Data migration involves converting data from one format and/or system to another, newer format and/or system. Migration projects do not occur frequently, so IT staff are often unprepared for the task, which is much more complicated than they first think. Adding to the challenge is that the focus is typically on the system or software migration (e.g., migrating to an Exchange Server) with not enough attention paid to the data migration (e.g., converting e-mail data where necessary for the new platform).
Prevent project delays and data loss by developing and following a thorough data migration plan that includes appropriate resources. Ensure critical data has the focus it deserves.
Migration Programs and Services
Commercial software for data conversion is available. However, if the data or system is highly customized, commercial programs are likely not going to work and migration programs will need to be developed in-house.
Identifying Data Interdependencies
The migration programs and testing must account for all applications and processes that interface with the data to ensure they are not affected by the migration. To identify these interdependencies:
- Assign business managers and end users to create a flowchart of the overall data workflow and identify all applications and processes that touch the data. Their familiarity with how the data is used will enable them to provide good detail.
- Use IT staff to identify back-end or technical interdependencies not covered by the business managers and end users.
The above process is similar to developing a business process model, which is essentially a flowchart or outline of the processes and workflows in the organization.
- Review the dos and don’ts before beginning. Refer to the Mclean Report research brief, “Dodge These Five Data Migration Disasters,” which outlines potential pitfalls as well as key steps to include in the migration plan. Also, refer to the Mclean Report research brief E-Mail Migration Headaches: Watch and Dodge.
- Prepare for the data migration project:
- Assign responsibilities for the project. Include a project manager, programmers to develop the migration programs, and QA staff to validate the data. Select staff that have experience working with the data and applications involved.
- Identify data sources and data interdependencies. This can include legacy systems, applications that interface with the data, popular user reports, and desktop spreadsheets and databases. Ensure that business managers and end users drive this task.
- Perform a quick assessment of the data that will be migrated. Count the number of fields and records that need to be migrated to make a rough assessment of how long the migration will take.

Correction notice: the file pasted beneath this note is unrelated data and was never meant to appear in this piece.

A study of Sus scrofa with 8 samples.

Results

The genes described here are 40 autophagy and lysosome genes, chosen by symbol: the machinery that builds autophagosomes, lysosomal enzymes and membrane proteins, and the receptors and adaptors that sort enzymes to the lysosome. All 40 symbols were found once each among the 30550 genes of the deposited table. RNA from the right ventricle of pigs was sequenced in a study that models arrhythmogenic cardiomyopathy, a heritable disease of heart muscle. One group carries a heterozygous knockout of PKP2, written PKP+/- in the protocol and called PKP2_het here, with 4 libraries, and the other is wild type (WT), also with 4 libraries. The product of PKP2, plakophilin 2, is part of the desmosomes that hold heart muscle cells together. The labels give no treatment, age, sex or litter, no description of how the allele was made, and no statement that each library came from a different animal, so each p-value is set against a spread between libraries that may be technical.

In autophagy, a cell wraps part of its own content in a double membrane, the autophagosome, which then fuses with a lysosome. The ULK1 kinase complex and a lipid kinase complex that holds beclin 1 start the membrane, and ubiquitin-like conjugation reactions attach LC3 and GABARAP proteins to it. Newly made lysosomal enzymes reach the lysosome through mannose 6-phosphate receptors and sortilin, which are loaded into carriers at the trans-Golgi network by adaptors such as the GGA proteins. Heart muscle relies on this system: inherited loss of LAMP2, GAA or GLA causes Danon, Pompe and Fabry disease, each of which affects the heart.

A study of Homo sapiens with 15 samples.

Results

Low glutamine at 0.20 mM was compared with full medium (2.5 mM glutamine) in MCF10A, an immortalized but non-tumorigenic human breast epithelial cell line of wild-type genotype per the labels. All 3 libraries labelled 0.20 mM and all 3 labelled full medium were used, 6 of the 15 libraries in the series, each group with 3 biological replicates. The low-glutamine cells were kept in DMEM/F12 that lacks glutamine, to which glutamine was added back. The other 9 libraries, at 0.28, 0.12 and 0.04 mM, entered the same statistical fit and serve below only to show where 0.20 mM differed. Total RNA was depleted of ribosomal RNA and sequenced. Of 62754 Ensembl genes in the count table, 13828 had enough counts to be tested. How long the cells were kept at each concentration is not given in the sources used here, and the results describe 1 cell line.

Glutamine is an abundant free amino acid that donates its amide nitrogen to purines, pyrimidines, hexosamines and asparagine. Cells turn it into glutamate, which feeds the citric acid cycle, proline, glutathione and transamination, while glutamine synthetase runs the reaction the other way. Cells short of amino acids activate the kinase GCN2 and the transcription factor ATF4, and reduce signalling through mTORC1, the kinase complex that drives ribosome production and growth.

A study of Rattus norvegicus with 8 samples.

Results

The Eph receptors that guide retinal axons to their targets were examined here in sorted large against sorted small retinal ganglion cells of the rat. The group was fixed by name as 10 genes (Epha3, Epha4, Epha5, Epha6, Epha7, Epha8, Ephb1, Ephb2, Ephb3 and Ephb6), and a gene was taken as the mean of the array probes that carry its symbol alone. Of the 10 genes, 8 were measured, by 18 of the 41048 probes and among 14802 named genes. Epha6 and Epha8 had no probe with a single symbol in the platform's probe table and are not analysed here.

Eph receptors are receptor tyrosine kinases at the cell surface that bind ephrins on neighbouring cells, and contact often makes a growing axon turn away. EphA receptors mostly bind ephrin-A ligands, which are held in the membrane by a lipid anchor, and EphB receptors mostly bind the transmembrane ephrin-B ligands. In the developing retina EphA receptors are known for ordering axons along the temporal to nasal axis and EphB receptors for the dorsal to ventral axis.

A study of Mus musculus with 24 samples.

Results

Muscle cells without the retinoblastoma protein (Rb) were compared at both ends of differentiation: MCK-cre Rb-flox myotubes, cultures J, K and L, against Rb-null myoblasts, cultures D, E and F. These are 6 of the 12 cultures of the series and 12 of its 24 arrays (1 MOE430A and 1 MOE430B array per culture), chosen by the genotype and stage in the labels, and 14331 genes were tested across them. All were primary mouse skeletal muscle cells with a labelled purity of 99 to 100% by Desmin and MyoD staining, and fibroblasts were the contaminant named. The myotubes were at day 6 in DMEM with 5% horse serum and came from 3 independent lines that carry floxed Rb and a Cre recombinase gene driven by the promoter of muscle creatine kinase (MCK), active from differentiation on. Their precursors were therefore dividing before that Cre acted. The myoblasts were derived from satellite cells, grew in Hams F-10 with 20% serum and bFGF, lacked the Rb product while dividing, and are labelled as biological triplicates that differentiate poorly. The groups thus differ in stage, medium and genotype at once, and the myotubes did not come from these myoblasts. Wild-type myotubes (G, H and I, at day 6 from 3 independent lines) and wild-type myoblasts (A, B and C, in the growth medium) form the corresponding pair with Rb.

- Archive data to reduce the amount of data to migrate. Look at the data migration as an opportunity to de-clutter. If data is no longer being used, archive it. Archiving data will streamline the migration, saving time and potentially reducing the amount of storage space required in the new system.
Tip: For more information on de-cluttering, refer to the McLean Report research brief, “Space: It's Not Endless.”
To keep the new system de-cluttered, develop a document retention policy. Refer to the McLean Report research brief, “Paperless in Steps: Developing a Document Retention Strategy.”
- Create a staging area where programmers can test migration programs.
- Create a subset of the data for testing. For example, copy every 20 th record. The goal is to get a representative sample of data.
- Develop migration rules by analyzing the data to be migrated and activities that might be impacted (refer to the data interdependencies identified earlier). Programmers create a detailed data map of source and target data fields, as well as migration rules. Here are some examples of migration rules:
- Combination of fields (e.g. area code and phone number).
- Separation of fields (e.g. first name and last name).
- Records that will not be migrated automatically (e.g. all customers assigned to sales rep #3).
- Test the migration programs. End users are absolutely essential in this step because they understand the data much better than programmers and can quickly spot errors to be corrected. Involving users also reduces their resistance to change. Validating the results of the migration will make users think of extra rules that must be applied.
Build test scenarios with the following metrics:
- Expected number of records migrated.
- Actual number of records migrated. If the actual is less than the expected number of records, analyze why and refine the migration process.
- Number of fields successfully populated. Randomly sample some records to determine whether every field has been successfully migrated.
- Incorporate changes to migration programs and repeat the testing. Create a larger data subset and repeat the process of analyzing the data, developing scripts, and testing the scripts. Migrating large quantities of data is a highly iterative process.
- Migrate the live data and test the output. Perform the migration during off-hours when the affected systems can be locked down with minimal impact.
- Publish the rules used to migrate the data along with the documentation for the new system. This makes future projects such as maintenance significantly easier.
To be successful, a data migration plan must account for data interdependencies and follow an iterative process that includes analyzing a data subset, developing migration programs, and testing the output before the live data is migrated.